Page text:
By CĂ©line LE PRIOUX (AFP)     Nov 7, 2018 in Politics

Europe's rightwing parties will choose their candidate Thursday for next year's European elections, on the second day of a major political gathering in Helsinki.

The European People's Party (EPP, the largest in the European Parliament) will choose between Germany's Manfred Weber and Finland's Alexander Stubb to lead them into European elections next May.

The winner of the secret ballot among 758 EPP delegates gathered in the Finnish capital, will be in the running to succeed Jean-Claude Juncker as head of the European Commission, the EU bloc's executive arm.

Juncker's role is a key prize in the horse-trading of top jobs that will follow EU elections on May 26 next year.

Also in the mix are plum spots to lead the European Council -- which represents national governments -- the European Parliament, the European Central Bank, and the bloc's new foreign policy chief.

Little known in Germany, Weber has an intricate knowledge of EU institutions but little experience in government in his homeland, while Stubb has held high government positions in Finland.

On Wednesday, in the pair's only debate of the campaign, they sought to avoid confrontation and stayed clear of the most painful subject of all: the presence of Hungary's Viktor Orban in the EPP ranks.

Orban and his Fidesz party are accused of trampling over European values, particularly through strict anti-migration policies and repeated clashes with Brussels over human rights issues.

Weber and Stubb insisted on their friendship and likemindedness before exiting the stage after half-an-hour to the sounds of Sister Sledge's "We are family".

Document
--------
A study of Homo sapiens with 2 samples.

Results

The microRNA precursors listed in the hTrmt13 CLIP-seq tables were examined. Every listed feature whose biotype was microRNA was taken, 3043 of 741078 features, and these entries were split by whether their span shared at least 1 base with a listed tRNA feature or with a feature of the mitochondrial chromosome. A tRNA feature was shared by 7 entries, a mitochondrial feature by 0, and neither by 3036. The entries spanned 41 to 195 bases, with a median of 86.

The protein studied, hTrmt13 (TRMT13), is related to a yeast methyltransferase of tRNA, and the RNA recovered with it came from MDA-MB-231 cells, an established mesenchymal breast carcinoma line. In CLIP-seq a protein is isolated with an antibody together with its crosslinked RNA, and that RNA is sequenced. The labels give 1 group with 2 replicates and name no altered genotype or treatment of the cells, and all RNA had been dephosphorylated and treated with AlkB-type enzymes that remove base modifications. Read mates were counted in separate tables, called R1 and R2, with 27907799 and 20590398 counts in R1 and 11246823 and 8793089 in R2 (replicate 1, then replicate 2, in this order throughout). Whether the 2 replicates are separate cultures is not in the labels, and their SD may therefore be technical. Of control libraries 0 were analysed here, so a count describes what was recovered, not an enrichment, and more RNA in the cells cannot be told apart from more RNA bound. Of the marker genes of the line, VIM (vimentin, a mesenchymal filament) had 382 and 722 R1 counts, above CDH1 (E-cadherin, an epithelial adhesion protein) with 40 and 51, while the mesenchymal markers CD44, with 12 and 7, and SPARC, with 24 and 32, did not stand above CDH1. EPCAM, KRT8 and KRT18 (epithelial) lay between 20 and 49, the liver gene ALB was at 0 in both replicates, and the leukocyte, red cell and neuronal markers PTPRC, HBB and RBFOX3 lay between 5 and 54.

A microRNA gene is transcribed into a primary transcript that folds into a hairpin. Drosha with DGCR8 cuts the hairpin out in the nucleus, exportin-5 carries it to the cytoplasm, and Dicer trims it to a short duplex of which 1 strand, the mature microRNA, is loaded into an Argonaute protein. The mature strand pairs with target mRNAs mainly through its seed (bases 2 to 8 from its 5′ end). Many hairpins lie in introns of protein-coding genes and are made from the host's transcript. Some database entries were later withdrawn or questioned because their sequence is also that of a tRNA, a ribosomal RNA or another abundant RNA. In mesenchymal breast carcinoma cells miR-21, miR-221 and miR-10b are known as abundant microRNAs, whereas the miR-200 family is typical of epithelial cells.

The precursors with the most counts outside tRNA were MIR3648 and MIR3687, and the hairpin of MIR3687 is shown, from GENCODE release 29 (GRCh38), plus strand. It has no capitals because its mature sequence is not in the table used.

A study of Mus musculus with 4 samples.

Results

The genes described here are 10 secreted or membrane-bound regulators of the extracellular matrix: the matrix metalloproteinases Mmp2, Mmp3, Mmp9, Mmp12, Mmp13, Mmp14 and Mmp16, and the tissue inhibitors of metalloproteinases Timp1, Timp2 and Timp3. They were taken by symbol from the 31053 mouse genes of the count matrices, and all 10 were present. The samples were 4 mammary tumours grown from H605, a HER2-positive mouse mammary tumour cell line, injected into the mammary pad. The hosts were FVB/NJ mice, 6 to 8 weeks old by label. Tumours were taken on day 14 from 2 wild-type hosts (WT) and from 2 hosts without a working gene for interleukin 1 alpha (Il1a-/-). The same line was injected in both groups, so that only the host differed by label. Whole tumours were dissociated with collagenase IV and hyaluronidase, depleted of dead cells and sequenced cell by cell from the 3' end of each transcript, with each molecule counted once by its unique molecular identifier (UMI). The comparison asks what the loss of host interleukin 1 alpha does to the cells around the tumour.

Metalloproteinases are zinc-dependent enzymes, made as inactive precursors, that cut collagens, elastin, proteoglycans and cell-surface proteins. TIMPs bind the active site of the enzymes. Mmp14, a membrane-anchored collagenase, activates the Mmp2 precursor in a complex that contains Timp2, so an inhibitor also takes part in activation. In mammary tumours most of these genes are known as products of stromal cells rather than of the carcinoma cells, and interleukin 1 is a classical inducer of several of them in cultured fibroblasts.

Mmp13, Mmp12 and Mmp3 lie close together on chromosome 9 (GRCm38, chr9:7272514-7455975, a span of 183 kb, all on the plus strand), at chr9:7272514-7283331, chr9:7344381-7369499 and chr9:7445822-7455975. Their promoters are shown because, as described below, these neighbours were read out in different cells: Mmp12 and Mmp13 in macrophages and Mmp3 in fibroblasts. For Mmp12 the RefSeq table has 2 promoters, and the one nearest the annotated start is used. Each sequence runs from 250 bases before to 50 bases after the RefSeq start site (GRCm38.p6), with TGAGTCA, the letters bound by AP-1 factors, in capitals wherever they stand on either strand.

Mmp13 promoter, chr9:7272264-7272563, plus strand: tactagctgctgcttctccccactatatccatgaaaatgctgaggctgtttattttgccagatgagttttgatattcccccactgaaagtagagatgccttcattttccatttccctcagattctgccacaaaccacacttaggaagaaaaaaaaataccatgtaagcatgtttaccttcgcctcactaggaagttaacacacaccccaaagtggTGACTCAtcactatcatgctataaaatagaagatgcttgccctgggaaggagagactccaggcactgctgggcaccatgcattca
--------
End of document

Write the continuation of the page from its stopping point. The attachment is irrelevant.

Their styles are, however, radically different: Weber, 46, appears more discreet, preferring to build his networks in the shadows, while Stubb, 50, is a marathon-running polyglot who seems to bask in the media spotlight.

- Key nods -

Weber, who leads the EPP group in the European Parliament, has received the key nods of Merkel and the head of France's centre-right Republicans party, Laurent Wauquiez.

Weber is also counting on Austria's right-wing Chancellor Sebastian Kurz and Orban to rally to his cause.

Even if Weber does win the nomination, his place as president of the European Commission is not fully assured. In the face of populists on the right and left, some polls predict the EPP could lose its status as the European Parliament's largest party.

A number of EU leaders, including Merkel and France's President Emmanuel Macron, have also expressed a desire to change the nomination process whereby the lead candidate of parliament's largest party is automatically appointed Commission president.